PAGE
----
Opening of the two-floor addition occurs a little more than three years after Ohio State clinicians began treating patients at the Ross Heart Hospital, which opened in November 2004.
“Since opening, the Ross Heart Hospital has provided patients and staff with an environment and resources to achieve the best possible medical outcomes,” said Dr. Charles Bush, Ross Heart Hospital medical director. “Our ability to provide patients with highly effective and innovative personalized care has created increased demand for our services.”
The new rooms, like those throughout the Ross Heart Hospital, incorporate the “universal bed” design into the spacious patient rooms. Throughout their stay, heart and vascular patients receive care in these comfortable, private rooms, which accommodate all portable diagnostic and therapeutic equipment while maintaining easy access to necessary medical utilities.
According to Jay Kasey, OSU Health System chief operating officer, the expansion is a model for the positive pattern of excellence and growth outlined in the Medical Center’s strategic plan. “Excellent service serves as the foundation for physical growth, new technology and support of our research, education and patient care staff,” he said.
The added two floors continue supporting Ohio State’s cardiovascular medicine and cardio-thoracic surgery programs. From diagnostic studies and routine care to implantation of life-saving heart pumps, robot-assisted surgical procedures and heart transplants, the Ross Heart Hospital offers the full spectrum of heart and vascular care, including medications; vascular, valve and bypass surgery; pacemaker implants; coronary and vascular angioplasty and stents; arrhythmia surgery and ablation.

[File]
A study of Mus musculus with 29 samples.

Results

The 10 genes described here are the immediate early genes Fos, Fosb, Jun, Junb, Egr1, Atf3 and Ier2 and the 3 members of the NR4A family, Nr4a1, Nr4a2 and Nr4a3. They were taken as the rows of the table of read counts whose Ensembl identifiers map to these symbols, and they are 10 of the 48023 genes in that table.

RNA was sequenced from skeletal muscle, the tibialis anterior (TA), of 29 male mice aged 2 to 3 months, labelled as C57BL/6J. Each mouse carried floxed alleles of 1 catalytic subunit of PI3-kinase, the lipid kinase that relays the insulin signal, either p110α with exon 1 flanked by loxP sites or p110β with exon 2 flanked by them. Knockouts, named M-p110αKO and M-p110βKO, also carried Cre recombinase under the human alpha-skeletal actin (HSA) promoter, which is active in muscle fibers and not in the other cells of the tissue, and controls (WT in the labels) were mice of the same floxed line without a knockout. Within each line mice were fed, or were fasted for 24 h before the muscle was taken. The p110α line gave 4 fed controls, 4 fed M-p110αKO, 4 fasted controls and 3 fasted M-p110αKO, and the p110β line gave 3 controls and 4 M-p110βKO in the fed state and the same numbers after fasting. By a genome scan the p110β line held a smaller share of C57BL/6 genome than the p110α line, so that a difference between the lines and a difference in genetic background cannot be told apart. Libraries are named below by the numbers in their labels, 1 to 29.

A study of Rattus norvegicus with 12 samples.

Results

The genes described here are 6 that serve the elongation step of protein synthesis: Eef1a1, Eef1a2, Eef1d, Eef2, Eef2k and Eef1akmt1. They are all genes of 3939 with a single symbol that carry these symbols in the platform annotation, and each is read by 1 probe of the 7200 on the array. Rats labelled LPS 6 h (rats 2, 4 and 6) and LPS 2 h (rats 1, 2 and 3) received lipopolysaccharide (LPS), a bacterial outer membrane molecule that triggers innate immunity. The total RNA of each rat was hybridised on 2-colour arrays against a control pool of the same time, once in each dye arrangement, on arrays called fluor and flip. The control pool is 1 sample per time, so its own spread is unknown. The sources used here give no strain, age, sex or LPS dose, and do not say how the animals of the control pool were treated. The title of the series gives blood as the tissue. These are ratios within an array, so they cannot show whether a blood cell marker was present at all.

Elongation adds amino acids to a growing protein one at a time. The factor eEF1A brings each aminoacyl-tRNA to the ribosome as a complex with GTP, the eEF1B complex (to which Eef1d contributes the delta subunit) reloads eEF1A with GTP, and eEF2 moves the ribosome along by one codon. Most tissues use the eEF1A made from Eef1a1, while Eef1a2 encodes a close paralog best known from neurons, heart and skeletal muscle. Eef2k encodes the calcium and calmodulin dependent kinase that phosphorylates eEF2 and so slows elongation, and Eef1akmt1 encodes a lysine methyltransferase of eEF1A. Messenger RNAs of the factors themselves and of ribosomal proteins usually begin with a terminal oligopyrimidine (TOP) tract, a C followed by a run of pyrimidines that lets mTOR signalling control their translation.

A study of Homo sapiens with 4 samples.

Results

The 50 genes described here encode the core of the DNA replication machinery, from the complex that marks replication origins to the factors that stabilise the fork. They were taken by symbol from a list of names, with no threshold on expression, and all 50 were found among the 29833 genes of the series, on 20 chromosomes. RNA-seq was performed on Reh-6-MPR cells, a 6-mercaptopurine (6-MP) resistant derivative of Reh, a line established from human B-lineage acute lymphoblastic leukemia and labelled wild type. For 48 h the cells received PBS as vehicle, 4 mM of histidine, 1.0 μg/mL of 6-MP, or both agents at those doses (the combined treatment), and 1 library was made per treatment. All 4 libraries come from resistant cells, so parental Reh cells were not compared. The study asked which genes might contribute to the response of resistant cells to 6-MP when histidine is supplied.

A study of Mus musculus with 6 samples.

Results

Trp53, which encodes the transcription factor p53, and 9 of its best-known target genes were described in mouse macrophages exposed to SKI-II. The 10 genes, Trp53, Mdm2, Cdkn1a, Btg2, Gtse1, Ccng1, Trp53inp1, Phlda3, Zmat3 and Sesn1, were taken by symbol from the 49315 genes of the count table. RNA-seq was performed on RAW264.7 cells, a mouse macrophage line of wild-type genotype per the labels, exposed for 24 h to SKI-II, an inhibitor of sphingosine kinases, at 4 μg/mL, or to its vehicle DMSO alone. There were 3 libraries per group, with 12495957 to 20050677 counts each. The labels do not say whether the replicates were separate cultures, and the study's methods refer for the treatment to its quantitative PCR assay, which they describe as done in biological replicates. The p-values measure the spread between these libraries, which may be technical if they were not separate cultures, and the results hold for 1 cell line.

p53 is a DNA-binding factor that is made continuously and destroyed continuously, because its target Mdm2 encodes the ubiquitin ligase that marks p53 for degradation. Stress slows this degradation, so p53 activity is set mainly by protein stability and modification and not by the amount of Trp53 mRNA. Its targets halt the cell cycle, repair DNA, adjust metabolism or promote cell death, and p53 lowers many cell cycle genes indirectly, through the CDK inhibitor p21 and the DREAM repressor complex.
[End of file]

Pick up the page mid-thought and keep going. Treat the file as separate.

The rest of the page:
Ohio State physicians are developing and applying the most advanced technologies to provide customized approaches for the unique cardiac needs of each patient. Recent innovations include:
• Ventricular Partitioning Device implanted – a central Ohio man became the first person in the United States, and only the 16th worldwide, to receive a heart implant designed to improve the heart’s pumping action and help manage congestive heart failure symptoms.
• Blood pressure monitoring device trial - physicians are leading a new clinical trial to treat hypertension by implanting a medical device that stimulates the body’s own natural system to lower blood pressure.
• Stem cell research – scientists have determined that stem cells transplanted into a damaged heart can increase the presence of oxygen at the site of injury, suggesting that such transplants might someday be used at therapy after heart attacks and for other diseases characterized by lack of oxygen.
At the OSU Heart Center, the Ross Heart Hospital clinical team and Davis Heart and Lung Research Institute scientific team collaborate to provide diagnostic and treatment services, while advancing cardiovascular care through basic and clinical research.